Is offsetting fine if it is done with highly durable carbon removal credits? Sabine Frank weighs the pros and cons.

The Oxford Offsetting Principles, first published in 2020, have become “flagship guidance on credible and net zero aligned carbon offsetting … used by hundreds of organisations since its first publication”, according to Mette Morsing, director of the Smith School of Enterprise and the Environment. She made the remark during her opening of a panel debate on the occasion of the publication of the revised edition after two years of internal debate at Oxford Martin School. The principles set out the case for offsetting as a means for reaching global net zero. They posit that offsetting with credits derived from carbon removals with high durability needs to increasingly replace offsetting with emission reduction and temporary storage carbon credits.

While it is true that residual emissions will need to be matched with permanent removals eventually, we are far away from that time. Even to promote this concept now risks distracting us from the key issue at hand: the need to urgently reduce emissions. To enhance this focus, governments and the private sector must set separate targets for removals and reductions rather than combine them.

This is more nuanced than a blunt “offset with removals” approach, as removal targets will initially not be required to match the volume of unabated emissions, and will eventually exceed it in order to reach what some might call “negative emissions” territory. Ultimately, the focus for the next decade (at least) should be on how to reach reduction targets and not on how to set removal targets.

Setting off on a new path

Carbon markets cannot just be reformed so as to be more credible tools for offsetting strategies. Offsetting can’t be fixed either by limiting it to permanent, engineered removals. Carbon markets must remain focused for now on financing rapid decarbonisation in places that need external financial support. To that end, massive improvements in tracking financial flows must also be achieved. It’s not enough to publish bold market volume estimates, we also need to know where all this money is actually flowing.

In a letter, we and civil society allies, including Oxford Net Zero, urge leading voluntary climate action standards, like the Science Based Targets initiative, not to bow to pressure to allow companies to meet scope 3 targets with carbon credits.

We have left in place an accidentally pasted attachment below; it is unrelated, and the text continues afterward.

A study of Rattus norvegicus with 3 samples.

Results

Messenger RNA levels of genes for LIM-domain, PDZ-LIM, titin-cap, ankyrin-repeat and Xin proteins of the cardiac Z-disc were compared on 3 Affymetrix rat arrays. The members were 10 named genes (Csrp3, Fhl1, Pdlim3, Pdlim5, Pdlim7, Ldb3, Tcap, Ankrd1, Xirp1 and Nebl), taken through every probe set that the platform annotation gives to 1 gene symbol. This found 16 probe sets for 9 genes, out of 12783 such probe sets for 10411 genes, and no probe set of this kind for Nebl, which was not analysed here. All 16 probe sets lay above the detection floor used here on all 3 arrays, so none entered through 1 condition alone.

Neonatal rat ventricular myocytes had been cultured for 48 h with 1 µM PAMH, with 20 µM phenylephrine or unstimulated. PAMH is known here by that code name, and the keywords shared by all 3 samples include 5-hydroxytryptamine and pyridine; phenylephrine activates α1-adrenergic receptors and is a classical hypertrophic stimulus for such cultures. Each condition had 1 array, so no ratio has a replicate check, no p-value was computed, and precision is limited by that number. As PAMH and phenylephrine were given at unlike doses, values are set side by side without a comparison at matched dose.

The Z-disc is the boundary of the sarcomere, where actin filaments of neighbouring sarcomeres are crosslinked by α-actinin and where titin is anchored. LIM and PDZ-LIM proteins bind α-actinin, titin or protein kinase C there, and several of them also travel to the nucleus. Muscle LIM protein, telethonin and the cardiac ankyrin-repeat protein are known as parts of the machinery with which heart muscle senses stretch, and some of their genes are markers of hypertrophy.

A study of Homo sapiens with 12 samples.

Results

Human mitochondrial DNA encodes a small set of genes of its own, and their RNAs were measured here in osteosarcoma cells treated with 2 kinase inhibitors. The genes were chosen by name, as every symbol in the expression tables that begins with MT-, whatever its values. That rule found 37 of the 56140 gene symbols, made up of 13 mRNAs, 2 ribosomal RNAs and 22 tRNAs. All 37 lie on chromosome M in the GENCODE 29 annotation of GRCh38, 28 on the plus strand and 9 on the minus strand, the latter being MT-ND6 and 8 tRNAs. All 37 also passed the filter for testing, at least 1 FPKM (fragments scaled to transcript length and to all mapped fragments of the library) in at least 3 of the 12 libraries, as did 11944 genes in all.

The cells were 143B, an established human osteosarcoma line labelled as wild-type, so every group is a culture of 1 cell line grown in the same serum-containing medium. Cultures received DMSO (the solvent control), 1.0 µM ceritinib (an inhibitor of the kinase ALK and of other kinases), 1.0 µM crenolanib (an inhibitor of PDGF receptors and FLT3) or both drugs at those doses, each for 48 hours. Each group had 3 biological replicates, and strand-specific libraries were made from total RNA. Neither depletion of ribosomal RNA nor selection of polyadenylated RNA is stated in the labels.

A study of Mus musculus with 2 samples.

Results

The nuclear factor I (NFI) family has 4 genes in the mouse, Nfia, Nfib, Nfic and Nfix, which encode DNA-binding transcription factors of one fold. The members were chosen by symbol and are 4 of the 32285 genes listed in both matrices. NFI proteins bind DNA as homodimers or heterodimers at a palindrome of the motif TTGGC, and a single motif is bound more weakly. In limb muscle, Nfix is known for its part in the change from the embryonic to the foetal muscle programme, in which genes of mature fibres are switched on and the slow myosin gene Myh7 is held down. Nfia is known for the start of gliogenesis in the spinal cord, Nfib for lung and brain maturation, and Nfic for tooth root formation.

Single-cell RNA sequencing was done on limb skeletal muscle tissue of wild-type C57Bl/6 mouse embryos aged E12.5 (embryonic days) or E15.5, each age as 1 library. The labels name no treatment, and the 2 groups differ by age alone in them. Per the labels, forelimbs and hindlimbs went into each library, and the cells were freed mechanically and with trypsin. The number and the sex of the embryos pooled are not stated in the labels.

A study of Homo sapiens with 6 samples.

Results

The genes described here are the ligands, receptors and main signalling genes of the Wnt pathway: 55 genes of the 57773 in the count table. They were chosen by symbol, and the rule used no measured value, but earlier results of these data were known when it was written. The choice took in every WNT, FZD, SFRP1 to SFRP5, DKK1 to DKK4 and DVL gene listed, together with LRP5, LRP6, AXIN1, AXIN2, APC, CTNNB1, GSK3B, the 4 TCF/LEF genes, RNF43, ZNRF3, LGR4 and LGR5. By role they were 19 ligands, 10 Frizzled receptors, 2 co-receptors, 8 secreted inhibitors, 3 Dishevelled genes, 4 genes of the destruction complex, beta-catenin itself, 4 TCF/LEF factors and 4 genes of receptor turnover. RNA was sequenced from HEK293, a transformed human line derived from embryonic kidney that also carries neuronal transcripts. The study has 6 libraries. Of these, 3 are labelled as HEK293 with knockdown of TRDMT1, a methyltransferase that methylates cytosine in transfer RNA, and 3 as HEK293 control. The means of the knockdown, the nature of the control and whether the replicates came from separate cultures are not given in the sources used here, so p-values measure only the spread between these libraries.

Paying for external climate contributions, or engaging in “beyond value chain mitigation” as is now advised by SBTi, is much more honest and effective than offsetting. Carbon markets then can be a tool for buyers to support the effort to reduce humanity’s climate footprint without misleadingly claiming that it will lead them to corporate net zero.

Carbon markets have legitimate potential to evolve and grow in financial flows to developing countries by beyond value chain mitigation becoming more widespread. At the same time, we need to keep thinking critically about the realistic contributions that these systems can be expected to deliver and be cautious about announcements of growth projects which might be self-serving business predictions. Moreover,  carbon markets are not intrinsically a better way of channelling climate finance to the Global South than impact funds or government grants. They should neither replace climate finance nor development aid.

While advocating for offsetting with carbon removals is a valiant attempt to correct a market dominated by very short-term storage and low-quality emission reduction credits, it is a solution beset with its own problems: It assumes that the voluntary carbon market could play an instrumental role in incentivising and funding large-scale removals when this will need dedicated policy tools involving government finance and above all the right governance rules in place. It is problematic to continue to advise “offsetting” because it stands in the way of a major course correction on current practice with a view to financing the best mitigation options. We need science to guide policies and markets but also to sidestep the pitfalls ahead.